21 April 2009

So Much for Respite...

Last April 15, just over a year ago, Kathy Krajco published her final blog post - not knowing it would be her last. But by early May, to the shock and sorrow of people throughout the blogosphere, she was gone.

Late last March, I was enduring a prolonged, incredibly stressful, hugely painful ordeal. Just as I was beginning to recover from it, beginning to remember that I was a human being, not merely a robot that worked and suffered and suffered and worked,

Kathy died.

Her death, of course, was not 'about me'; but her writing, and her wisdom, and her graciousness as a fellow blogger helped, encouraged, and touched me deeply. Her death was a loss to many, myself among them. I am not ashamed to grieve for her.

So one year later, I find myself experiencing an 'anniversary reaction' - to the combined pain of her death and my own past ordeal.

This has only been augmented by a newer loss: Anna Valerious, author of "Narcissists Suck" has decided, almost exactly a year after Kathy's passing, to cease posting to her blog as well.

Two bereavements in two years. Two brave voices falling silent. One on the anniversary of the other.

Pain. Loss.

So I sought respite.


Who first coined the term 'escapist literature'? I'm here to say there is no such thing. I simply could not face the anniversary. Could not think about Kathy, or Anna's well earned and richly deserved retirement, or my own year-old harrowing. Decided to lose myself for awhile in the jewelled, rarefied world of fiction, far removed from issues of abuse and human cares.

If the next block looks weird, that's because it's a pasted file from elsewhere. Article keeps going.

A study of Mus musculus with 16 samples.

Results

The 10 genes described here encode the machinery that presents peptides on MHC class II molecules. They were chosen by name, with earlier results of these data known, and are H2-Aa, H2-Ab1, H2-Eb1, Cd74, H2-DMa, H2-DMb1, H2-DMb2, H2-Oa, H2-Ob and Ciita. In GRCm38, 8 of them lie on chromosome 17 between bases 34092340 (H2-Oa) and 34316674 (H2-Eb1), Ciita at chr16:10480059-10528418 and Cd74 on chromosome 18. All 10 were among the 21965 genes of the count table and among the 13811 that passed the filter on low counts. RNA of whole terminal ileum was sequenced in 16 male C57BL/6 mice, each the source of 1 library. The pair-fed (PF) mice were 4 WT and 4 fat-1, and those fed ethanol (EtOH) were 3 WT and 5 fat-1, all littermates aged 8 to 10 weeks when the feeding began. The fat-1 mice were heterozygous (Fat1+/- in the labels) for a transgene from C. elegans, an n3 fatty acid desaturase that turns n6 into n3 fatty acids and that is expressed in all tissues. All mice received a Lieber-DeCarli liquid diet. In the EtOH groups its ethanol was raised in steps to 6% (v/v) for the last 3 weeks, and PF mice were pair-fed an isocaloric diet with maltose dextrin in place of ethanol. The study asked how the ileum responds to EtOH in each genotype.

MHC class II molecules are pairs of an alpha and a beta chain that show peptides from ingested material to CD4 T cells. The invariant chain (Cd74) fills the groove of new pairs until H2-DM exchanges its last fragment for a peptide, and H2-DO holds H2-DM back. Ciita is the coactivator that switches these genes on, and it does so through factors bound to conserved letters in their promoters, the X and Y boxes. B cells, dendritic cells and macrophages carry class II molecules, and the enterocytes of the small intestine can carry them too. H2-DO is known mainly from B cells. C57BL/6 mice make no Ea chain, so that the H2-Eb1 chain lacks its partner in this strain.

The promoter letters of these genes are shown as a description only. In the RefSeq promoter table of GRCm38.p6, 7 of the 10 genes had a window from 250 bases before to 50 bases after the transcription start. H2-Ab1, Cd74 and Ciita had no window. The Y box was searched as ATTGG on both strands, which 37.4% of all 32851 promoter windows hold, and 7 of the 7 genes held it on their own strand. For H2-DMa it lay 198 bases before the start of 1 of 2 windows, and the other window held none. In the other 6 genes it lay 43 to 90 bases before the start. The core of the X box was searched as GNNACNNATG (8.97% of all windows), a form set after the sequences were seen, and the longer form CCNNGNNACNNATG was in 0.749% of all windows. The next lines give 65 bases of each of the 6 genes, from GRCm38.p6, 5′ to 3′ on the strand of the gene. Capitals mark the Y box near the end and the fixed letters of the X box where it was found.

For this respite I selected two brilliant novelists, Kazuo Ishiguro and Arundhati Roy.

Those of you who actually read things like The New York Times Review of Books may begin giggling now, because you can see the punchline coming, can't you? It's OK if you guffaw, even. I had it coming. Stormchild the Genius decides to get away from memories of abuse and dysfunction, of loss, of pain, by reading

"The God of Small Things".

And "Never Let Me Go".

Serves me right. I owed my ghosts more courage.

These books are incredible, truly awe-inspiring works of art. But they are no literary respite from the hard realities of abuse in human lives. In fact, I was amazed, while reading them, at how profoundly these two writers understand the problems of abuse. It's an understanding so deep that it precedes words. These books are like sculptures, the authors' understanding is the raw marble from which the sculptures emerge - not chiseled out, but stroked free.

I don't quite have my courage assembled yet; the very thought of trying to explain anniversary reactions makes me feel as though I weigh a good half ton. I will have to return to these ideas later: to an explanation of anniversary reactions, and an appropriate homage to both of these powerful books.

Respite. Hah.

Savor life, Anna. May it be good to you; you richly deserve goodness. Feel the wind in your hair and the rain on your face and let it be rain, and not tears. Laugh and love and go with God.

Rest in peace, Kathy. You loved and served more wisely and more widely than you knew. May you be loosed and blessed. Rest in peace.